Dog tests positive for rabies in El Paso County


El Paso County Public Health did not say where or when the dog was found. It tested positive for the disease on Friday. 

The health department said people and animals who were exposed to the rabid dog have been assessed and are receiving preventative vaccination. 

The health department said all domestic animals in El Paso County are required by law to be vaccinated for rabies by a licensed veterinarian. The health department said they couldn’t confirm where the dog’s rabies vaccine came from, or who administered it. 

“Self-administering a rabies vaccine that was purchased at a store does not guarantee protection against rabies and the pet will be considered unvaccinated,” the health department said in a statement. 

Two other animals–a skunk and a fox–have also tested positive for rabies in the county this year. The health department said the last reported case of a rabid dog in El Paso County was in 1974. 

In 2018, 60 skunks, six bats, and a raccoon tested positive for the disease in El Paso County. That’s up from 2017, when 21 skunks and seven bats tested positive for rabies.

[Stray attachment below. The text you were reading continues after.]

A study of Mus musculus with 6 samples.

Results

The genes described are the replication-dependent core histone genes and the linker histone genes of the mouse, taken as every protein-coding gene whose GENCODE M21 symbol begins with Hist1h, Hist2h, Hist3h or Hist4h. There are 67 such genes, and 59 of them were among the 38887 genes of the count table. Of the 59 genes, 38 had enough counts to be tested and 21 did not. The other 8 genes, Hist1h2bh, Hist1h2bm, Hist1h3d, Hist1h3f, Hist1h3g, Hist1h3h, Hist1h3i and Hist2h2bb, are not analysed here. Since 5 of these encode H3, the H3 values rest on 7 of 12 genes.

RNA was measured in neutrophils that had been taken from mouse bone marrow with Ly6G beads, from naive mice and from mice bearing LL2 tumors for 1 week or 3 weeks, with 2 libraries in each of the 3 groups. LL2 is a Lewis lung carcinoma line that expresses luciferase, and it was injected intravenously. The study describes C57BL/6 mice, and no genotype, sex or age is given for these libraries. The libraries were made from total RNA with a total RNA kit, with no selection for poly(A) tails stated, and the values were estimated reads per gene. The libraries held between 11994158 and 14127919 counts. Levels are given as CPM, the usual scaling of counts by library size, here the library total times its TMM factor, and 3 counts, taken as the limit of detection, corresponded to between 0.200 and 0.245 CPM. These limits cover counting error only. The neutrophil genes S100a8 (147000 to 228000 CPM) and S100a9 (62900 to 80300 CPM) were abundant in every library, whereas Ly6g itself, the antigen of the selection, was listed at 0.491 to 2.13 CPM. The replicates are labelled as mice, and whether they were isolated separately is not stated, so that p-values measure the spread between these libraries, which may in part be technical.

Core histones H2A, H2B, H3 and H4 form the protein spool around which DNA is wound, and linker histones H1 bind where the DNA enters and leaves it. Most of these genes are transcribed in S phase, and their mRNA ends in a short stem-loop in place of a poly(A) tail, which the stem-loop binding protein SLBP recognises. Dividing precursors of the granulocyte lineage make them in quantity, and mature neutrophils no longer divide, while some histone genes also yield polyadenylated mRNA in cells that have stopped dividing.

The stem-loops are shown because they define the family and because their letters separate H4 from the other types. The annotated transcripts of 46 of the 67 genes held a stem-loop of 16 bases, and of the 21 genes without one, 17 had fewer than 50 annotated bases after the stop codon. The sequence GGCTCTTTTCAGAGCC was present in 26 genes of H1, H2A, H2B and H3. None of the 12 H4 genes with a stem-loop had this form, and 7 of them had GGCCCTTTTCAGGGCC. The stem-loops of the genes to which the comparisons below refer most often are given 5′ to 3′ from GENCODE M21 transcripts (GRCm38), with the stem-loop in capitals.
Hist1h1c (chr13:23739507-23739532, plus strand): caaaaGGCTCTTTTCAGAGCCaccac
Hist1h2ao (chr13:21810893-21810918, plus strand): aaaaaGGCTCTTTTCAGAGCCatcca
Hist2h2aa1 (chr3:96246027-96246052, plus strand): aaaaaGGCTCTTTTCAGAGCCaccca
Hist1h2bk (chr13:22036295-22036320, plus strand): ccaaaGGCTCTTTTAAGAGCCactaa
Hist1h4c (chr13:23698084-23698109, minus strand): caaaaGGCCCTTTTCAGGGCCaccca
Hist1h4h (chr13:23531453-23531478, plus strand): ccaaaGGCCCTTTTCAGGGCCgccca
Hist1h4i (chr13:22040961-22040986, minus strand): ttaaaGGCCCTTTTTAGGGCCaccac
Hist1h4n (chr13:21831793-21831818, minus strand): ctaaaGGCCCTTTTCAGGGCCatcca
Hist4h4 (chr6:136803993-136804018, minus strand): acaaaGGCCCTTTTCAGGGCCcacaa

“Rabies is a viral disease that infects the brain and other parts of the central nervous system, causing brain swelling and damage, and ultimately, death,” the health department said. “Rabies is spread primarily through the bite of rabid animals, resulting in the spread of the disease through their infected saliva. Rabies also can be spread when saliva from an infected animal gets into open wounds, cuts or enters through the eyes, nose, or mouth.”

A “very effective” preventative vaccination is available for people who may have been bitten by a rabid animal. Rabies is usually fatal in humans once symptoms appear. 

The health department recommends the following precautions for preventing rabies: 

  • Vaccinate your pets against rabies by using a licensed veterinarian. Rabies shots need to be boosted, so check your pet’s records or talk to your veterinarian.
  • When walking or hiking with your dog, protect them and wildlife by keeping your dog on a leash.
  • Keep cats and other pets inside at night to reduce the risk of exposure to other domestic animals and wildlife. Keep dogs within your sight (in a fenced yard, or on leash) during the day while outside.
  • Contact your veterinarian promptly if you believe your pet has been exposed to a wild animal.
  • Do not touch or feed wild animals. Wild animals like skunks and foxes adapt to residential environments if food is available – please don’t leave pet food outdoors.
  • Do not try to touch or help sick animals as they may carry diseases that are a risk to humans.

UPDATE: This story has been updated with new information from the health department about the source of the rabid dog’s vaccine.